No one does a good murder like the British.

No one does a good murder like the British.

“In his essay ‘Decline of the English Murder’, George Orwell describes for us the most satisfying kind of killer.”

Everyone loves a good murder, except their own. After all, sales of newspapers spike whenever there’s a story involving a grisly murder, and one in three of the books sold today are crime novels. More than perhaps any other nation on the planet, the British are particularly fond of reading about murders, whether real or imagined. From the Ratcliffe Highway Murders of 1811, the first murders to cause widespread national panic, right up until the films of Alfred Hitchcock, this book covers various aspects of his national obsession.

The author, Lucy Worsley, is a a brilliant narrator, and the book was written alongside her filming of a TV series on the same topic. Tragically, I don’t remember this being broadcast – although it was only on about a year ago – but I did see Worsley present a documentary about the Georgians earlier this year and loved her funny, almost whimsical style. She knows her stuff, and is just as thrilled by the topic as the rest of her fellow countrymen. She inserts herself into the narrative, adding in her adventures filming the series that take her around the country, investigating true murders and handling the grisly souveniers from the events.

The book opens detailing the aforementioned Ratcliffe Highway Murders, which involved the bloody deaths of a family that shocked the nation. This was in the days before there was an official police force, meaning that neighbours trampled the crime scene and much evidence was lost. Of course, this is also long before anyone understood things like DNA. Reading about murders was originally fascinating because they tended to end with the hanging of the guilty party, but times moved on and soon people began to love reading about the solving of crimes, allowing for creations like Sherlock Holmes to appear much later in the century. Before that, people enjoyed sensationalist literature and would line up in their thousands to see plays, hear stories and watch puppet shows that told of grisly deaths. Madame Tussaud and her waxworks became a great tourist attraction around the time too, as people became fascinated with her figures of famous criminals.

The book carries on through the changing tastes of the public, and indeed the changing tastes of murderers, such as during the Victorian era when poisons became the ultimate choice, and suddenly everyone from a ne’er-do-well on the street to your own doctor could be the one to finish you off. Finally, the book slips into the Golden Age of detective fiction between the two world wars, when Dorothy L Sayers, Ngaio Marsh and, of course, Agatha Christie, were producing their work. It ends by showing how even these stories came to an end, to be replaced by thrillers and the up-and-coming new invention: film. Throughout it all, the British have retained their taste for blood.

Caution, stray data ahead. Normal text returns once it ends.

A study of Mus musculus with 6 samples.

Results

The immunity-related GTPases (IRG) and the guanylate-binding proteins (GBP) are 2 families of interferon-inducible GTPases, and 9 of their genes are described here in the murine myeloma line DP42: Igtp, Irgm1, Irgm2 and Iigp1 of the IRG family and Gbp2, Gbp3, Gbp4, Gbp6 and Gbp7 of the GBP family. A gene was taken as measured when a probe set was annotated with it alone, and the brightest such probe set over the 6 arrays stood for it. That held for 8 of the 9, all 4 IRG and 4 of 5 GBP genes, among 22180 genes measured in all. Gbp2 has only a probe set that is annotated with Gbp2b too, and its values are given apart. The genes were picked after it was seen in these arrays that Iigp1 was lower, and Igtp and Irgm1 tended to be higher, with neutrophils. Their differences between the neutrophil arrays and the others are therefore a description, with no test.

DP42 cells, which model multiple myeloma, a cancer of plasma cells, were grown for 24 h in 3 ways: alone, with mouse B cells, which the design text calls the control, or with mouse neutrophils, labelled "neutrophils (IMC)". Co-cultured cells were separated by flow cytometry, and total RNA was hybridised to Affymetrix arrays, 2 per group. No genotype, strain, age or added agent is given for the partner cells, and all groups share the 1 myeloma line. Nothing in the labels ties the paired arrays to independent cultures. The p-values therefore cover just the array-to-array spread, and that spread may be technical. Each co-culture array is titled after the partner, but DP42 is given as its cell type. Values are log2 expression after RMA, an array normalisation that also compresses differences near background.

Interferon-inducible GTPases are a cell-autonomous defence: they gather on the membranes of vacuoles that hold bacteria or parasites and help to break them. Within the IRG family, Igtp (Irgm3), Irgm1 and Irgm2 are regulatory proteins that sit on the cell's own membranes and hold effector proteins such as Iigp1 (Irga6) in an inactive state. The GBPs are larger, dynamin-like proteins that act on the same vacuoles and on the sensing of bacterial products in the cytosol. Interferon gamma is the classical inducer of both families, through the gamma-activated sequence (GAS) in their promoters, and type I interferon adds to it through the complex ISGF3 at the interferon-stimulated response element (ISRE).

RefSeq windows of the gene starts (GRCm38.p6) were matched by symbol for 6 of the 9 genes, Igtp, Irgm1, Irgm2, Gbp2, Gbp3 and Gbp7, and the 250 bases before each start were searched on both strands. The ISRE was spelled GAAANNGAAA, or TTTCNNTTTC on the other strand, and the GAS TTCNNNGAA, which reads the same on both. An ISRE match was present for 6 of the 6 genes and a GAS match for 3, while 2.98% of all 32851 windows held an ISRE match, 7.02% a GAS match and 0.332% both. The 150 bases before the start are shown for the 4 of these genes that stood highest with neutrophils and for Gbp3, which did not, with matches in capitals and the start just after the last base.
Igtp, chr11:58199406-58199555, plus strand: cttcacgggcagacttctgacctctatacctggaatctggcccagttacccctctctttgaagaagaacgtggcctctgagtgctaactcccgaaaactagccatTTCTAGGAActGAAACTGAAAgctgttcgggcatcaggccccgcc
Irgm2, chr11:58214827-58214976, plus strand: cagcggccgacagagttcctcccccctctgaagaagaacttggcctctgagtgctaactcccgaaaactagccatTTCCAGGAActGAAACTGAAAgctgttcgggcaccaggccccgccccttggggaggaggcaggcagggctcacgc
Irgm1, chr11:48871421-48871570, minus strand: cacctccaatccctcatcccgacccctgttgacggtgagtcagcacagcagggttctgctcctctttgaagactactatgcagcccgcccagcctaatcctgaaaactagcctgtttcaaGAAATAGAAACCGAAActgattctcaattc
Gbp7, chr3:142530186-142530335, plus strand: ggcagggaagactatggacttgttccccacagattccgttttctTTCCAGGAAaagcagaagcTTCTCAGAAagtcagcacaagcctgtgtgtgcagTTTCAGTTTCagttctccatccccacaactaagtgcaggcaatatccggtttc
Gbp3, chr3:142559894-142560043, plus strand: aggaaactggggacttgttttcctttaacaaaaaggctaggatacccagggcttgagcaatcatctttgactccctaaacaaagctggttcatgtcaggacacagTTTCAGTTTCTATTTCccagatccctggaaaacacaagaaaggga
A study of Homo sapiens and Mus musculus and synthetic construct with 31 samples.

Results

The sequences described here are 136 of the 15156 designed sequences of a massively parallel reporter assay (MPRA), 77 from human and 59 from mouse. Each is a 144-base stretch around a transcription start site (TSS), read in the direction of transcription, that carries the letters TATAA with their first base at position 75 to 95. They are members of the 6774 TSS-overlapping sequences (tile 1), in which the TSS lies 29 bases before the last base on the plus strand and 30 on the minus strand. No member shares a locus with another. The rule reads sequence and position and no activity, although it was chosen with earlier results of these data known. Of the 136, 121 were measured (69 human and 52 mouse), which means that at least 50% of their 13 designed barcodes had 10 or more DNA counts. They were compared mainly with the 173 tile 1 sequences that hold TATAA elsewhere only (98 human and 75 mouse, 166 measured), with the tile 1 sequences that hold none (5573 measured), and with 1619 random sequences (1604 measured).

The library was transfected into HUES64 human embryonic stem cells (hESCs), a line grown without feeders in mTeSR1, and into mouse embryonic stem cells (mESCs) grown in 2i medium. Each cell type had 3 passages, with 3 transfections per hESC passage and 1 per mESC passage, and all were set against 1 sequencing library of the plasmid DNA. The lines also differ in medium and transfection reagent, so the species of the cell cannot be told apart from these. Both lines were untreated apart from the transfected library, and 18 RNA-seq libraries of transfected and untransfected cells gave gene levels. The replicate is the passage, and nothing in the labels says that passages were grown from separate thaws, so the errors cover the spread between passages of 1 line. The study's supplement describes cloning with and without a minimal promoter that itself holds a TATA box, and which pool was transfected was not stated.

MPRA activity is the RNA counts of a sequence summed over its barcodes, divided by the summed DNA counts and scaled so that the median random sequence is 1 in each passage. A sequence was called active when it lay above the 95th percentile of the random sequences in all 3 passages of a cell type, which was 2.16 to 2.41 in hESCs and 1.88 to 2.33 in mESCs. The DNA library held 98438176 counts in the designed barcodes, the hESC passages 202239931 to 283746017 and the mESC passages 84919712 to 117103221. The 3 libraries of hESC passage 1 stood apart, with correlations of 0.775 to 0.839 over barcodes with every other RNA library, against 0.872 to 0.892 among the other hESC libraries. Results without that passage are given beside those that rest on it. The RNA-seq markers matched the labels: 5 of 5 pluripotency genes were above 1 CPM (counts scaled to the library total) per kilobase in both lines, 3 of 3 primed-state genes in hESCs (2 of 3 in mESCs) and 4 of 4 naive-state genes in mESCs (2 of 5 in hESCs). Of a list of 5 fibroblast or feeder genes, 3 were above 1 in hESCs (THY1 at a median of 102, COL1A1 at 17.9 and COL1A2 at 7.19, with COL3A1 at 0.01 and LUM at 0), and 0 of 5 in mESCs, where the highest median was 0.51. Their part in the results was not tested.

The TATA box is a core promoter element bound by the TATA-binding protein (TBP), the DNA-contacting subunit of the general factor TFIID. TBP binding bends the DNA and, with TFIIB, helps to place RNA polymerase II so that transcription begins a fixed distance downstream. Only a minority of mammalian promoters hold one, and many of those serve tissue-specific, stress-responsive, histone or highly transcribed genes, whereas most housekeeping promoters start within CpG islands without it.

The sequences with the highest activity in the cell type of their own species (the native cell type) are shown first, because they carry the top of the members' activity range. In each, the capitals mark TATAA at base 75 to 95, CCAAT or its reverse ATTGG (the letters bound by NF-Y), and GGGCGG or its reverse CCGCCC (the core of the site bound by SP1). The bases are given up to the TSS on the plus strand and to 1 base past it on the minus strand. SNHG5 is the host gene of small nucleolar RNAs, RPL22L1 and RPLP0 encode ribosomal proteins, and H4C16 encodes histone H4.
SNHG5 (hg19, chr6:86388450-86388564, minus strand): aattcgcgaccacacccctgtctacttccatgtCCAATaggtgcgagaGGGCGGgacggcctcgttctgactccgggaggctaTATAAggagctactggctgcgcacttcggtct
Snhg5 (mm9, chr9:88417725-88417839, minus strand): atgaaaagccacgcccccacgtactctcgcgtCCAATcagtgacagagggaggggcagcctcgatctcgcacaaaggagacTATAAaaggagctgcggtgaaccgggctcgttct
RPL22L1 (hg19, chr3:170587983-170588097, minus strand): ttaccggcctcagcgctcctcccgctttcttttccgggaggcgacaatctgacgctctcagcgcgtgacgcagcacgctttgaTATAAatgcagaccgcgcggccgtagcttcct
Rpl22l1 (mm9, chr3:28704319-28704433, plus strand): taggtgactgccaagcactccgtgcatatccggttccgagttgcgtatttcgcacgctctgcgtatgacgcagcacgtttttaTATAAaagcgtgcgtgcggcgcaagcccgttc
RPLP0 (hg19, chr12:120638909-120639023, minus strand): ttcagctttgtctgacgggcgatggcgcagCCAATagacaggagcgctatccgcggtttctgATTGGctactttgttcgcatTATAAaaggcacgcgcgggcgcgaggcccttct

Lucy Worsley and the Usual Suspects

Lucy Worsley and the Usual Suspects

Of particular interest to me are the chapters about Christie (obviously) which pay particular attention to the question of how she became the greatest of her generation, leaving her colleagues languishing behind and never quite as well remembered, but I was also fascinated to read about the other great authors – Charles Dickens, Arthur Conan Doyle, Mary Elizabeth Braddon and many more – who contributed to the nation’s ever-burgeoning need for their crime fix. This book shows how it may well be Dickens who is accredited with the first detective novel. It’s also really interesting to read about the formation of the police force, the history of Madame Tussaud and her house of wax, and how hanging was once a popular afternoon attraction, but slowly fell out of fashion as the time changed.

As a combination of the studies of murder, history and literature, I’m naturally hugely attracted to it, although it does expertly prove how quickly and dramatically history can be rewritten. One chapter is dedicated to Jack the Ripper, who at the time of Worsley’s writing, was still unidentified, and yet only this year his identity has supposedly been proven. Was this as much of a blow to other murder lovers as it was to me? I’d imagine it was – I always preferred the mystery. Although, even now, still not everyone seems to agree.

As a Brit, naturally I adored this book. Worsley notes towards the end that she’s worried if she’s come across as flippant in her treatment of murder and notes that it is indeed a harrowing and terrifying topic, and yet that is what seems to attract us to the notion. The British turned crime into an art, and with that allowed for some of the greatest literature, performances and attractions in history to occur. Times are changing though, she notes, with thrillers replacing the cosy crime of Agatha Christie et al, but one thing seems certain – the British love of a good murder hasn’t been killed off for good just yet.